Another major step in the Home Depot 2014 breach case has been settled.
Home Depot has agreed to pay $13 million to the victims impacted by the data breach that resulted in payment card data being stolen from more than 50 million consumers. Home Depot also agreed to pay $6.5 million to provide ID protection services for the impacted cardholders, and also took steps to improve its security measures.
As part of the settlement, Home Depot agreed to pay the legal fees of the consumers who filed suits, but as a result did not admit to wrongdoing or liability as part of its settlement terms.
“We wanted to put the litigation behind us, and this was the most expeditious path,” Home Depot spokesman Stephen Holmes said, according to Reuters. “Customers were never responsible for any fraudulent charges.”
This settlement covers 40 million consumers, along with around 52 million to 53 million who had personal information hacked.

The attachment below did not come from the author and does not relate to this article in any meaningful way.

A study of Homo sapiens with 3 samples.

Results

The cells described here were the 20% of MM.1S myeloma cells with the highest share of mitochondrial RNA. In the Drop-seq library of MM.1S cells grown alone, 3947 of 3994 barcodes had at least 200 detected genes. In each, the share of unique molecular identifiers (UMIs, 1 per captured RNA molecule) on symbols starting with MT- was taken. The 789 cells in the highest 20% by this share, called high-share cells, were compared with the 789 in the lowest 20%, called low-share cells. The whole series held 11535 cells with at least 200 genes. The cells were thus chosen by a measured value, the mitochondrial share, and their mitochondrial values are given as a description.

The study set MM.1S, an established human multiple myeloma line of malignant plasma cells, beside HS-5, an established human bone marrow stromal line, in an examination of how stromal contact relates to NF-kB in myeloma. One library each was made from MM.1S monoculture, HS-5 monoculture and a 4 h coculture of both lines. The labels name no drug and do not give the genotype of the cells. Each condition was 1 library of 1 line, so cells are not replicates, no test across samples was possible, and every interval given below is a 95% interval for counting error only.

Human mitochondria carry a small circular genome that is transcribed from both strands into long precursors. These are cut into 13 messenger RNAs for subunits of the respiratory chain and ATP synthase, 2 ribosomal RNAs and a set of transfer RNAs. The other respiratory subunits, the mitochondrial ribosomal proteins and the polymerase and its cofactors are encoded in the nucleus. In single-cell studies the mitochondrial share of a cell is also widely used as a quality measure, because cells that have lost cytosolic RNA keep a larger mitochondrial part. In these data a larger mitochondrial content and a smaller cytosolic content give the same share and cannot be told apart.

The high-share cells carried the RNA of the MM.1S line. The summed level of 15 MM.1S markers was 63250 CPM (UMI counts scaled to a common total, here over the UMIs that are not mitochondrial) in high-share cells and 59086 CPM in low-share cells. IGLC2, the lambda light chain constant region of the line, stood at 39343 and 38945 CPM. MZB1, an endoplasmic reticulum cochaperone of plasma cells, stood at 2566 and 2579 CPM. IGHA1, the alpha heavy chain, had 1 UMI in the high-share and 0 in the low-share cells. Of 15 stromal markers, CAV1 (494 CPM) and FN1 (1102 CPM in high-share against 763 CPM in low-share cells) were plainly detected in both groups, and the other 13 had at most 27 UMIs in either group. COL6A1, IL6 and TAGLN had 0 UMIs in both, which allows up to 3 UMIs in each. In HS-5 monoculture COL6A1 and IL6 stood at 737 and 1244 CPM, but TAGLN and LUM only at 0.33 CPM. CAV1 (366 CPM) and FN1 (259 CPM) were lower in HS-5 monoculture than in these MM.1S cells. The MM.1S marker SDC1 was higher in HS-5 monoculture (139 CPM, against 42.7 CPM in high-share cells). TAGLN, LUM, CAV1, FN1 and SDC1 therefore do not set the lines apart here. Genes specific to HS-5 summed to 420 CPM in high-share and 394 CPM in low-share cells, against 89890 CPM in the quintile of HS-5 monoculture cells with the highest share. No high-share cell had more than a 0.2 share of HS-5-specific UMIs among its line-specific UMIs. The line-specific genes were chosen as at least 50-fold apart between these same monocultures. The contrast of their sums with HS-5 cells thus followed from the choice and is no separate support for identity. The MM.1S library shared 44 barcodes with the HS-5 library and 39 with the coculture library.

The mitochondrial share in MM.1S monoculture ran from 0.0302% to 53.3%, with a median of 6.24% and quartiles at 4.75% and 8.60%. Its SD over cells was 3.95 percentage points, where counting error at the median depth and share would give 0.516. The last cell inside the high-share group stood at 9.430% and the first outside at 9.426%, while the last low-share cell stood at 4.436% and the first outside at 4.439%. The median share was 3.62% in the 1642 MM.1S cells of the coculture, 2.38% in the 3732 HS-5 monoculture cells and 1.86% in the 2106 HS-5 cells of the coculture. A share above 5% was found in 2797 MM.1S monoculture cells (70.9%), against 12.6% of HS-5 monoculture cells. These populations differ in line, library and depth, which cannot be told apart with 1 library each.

Last spring, when the breach was discussed during the company’s earnings, estimates suggested that Home Depot had spent somewhere above $50 million to pay back the costs associated with the attack. But the retailer did not provide any forecast about just how widespread the breach scope could reach at that time.
Home Depot’s data breach officially stole data from more than 56 million payment cards during a five-month assault. Based on the data released from both Home Depot and Target, that number has the Home Depot breach impacting 40 percent more cards than the 40 million from the Target breach that occurred in the final quarter of 2014.
Home Depot said that the attackers used custom-built malware to evade detection. The malware had not been seen previously in other attacks. The malware was believed to have been present between April and September 2014.